When Sally hears that her grandfather’s grave may have been vandalized, she and her paraplegic brother, Franklin, set out with their friends to investigate. After a detour to their family’s old farmhouse, they discover a group of crazed, murderous outcasts living next door. As the group is attacked one by one by the chainsaw-wielding Leatherface, who wears a mask of human skin, the survivors must do everything they can to escape.
- Sally Hardesty: Marilyn Burns
- Jerry: Allen Danziger
- Franklin Hardesty: Paul A. Partain
- Kirk: William Vail
- Pam: Teri McMinn
- Hitchhiker: Edwin Neal
- Old Man: Jim Siedow
- Leatherface: Gunnar Hansen
- Grandfather: John Dugan
- Window Washer: Robert Courtin
- Bearded Man: William Creamer
- Storyteller: John Henry Faulk
- Cowboy: Jerry Green
- Cattle Truck Driver: Ed Guinn
- Drunk: Joe Bill Hogan
- Pick Up Driver: Perry Lorenz
- Narrator (voice): John Larroquette
- Production Manager: Ronald M. Bozman
- Director of Photography: Daniel Pearl
- Music: Tobe Hooper
- Makeup Artist: Dorothy J. Pearl
- Associate Producer: Kim Henkel
- Art Direction: Robert A. Burns
- Editor: J. Larry Carroll
- Music: Wayne Bell
- Special Effects: Dean W. Miller
- Assistant Director: Sallye Richardson
- Makeup Artist: W.E. Barnes
- Executive Producer: Jay Parsley
- Associate Producer: Richard Saenz
- Wuchak: ***Disturbing iconic slasher about a demented family in rural Texas***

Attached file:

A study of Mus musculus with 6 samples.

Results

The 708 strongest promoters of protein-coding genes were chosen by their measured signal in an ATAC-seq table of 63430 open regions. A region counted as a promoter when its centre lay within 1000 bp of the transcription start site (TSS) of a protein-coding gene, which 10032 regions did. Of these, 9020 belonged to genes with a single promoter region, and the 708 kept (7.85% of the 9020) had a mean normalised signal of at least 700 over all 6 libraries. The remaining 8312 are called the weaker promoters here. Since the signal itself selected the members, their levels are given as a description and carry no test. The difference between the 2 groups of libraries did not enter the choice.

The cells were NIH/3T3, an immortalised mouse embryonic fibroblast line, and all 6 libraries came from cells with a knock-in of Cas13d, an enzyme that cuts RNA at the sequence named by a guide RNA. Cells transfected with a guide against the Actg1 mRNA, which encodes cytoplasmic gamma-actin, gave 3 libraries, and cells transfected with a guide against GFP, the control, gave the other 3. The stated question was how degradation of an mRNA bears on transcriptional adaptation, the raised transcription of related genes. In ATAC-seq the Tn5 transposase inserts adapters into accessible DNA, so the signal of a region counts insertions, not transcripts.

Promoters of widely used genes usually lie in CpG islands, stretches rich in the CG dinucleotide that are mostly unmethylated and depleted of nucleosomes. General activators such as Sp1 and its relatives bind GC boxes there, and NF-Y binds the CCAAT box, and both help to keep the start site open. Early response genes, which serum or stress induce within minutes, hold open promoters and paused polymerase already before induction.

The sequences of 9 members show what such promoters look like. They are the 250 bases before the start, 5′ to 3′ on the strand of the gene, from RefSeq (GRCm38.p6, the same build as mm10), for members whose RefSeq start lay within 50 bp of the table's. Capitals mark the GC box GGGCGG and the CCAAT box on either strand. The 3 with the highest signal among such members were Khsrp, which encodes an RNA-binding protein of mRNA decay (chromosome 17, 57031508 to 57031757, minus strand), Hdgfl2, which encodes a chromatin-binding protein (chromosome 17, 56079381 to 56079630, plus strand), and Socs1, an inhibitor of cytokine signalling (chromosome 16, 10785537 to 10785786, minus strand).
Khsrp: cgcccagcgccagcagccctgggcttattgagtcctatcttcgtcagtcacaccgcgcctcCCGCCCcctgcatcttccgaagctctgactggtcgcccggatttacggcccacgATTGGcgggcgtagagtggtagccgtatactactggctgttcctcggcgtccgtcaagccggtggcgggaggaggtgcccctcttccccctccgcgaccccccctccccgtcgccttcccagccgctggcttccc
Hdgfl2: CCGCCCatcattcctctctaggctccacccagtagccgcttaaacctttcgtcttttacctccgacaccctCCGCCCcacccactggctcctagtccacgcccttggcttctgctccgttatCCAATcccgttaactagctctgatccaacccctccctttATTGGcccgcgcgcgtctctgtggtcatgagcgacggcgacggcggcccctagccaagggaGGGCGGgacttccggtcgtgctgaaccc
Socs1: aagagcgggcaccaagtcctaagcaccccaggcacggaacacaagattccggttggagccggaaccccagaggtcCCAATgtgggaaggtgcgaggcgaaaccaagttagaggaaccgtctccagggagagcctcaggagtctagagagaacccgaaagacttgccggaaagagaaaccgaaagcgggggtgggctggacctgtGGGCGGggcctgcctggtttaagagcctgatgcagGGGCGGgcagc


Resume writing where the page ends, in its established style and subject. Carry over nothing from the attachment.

After a van of young people picks up a psycho hitchhiker in east Texas they stumble upon a farm house of crazies, including a burly mute man with a mask made of human-skin.
Tobe Hooper’s “The Texas Chainsaw Massacre” (1974) is a seminal, iconic slasher that’s genuinely disturbing and horrific because it plays out in a gritty, realistic manner. While some viewers might find a couple of scenes amusing, like Franklin in his wheelchair accidently rolling down the hill and, later, having a hammy fit in the dilapidated building, it doesn’t change the fact that this is a serious, unsettling horror flick.
By contrast, Rob Zombie’s homage (or rip-off), “House of 1000 Corpses” (2003), wasn’t disturbing or horrific at all because he opted for an over-the-top, cartoony approach. It was colorful and amusing, yes, but not unsettling or horrifying.
Other positives include the rural locations, cool nighttime sequences, e.g. the thorn bush, and the effectively photographed women with no raunch: Teri McMinn (Pam) and Marilyn Burns (Sally). They’re girl-next-door types, but alluring enough.
So this is a standout film as far as serious slasher horror goes and I can understand those who give it a high rating, but horror movies are about more than just scaring & troubling the viewer. For me, the last act is overly one-dimensional, focusing too much on the eye-rolling demonic dirtbag family and a girl fleeing & screaming. It’s thoroughly manic, indeed, but also vacuous and uninspiring.
The film runs 1 hour, 23 minutes; there’s also an 88 minute unrated version. It was shot in east Texas as follows: Round Rock (house), Bastrop (gas station/BBQ shack), Leander (cemetery) and Watterson (slaughterhouse). The house has since been moved to Kingsland and refurbished as a restaurant.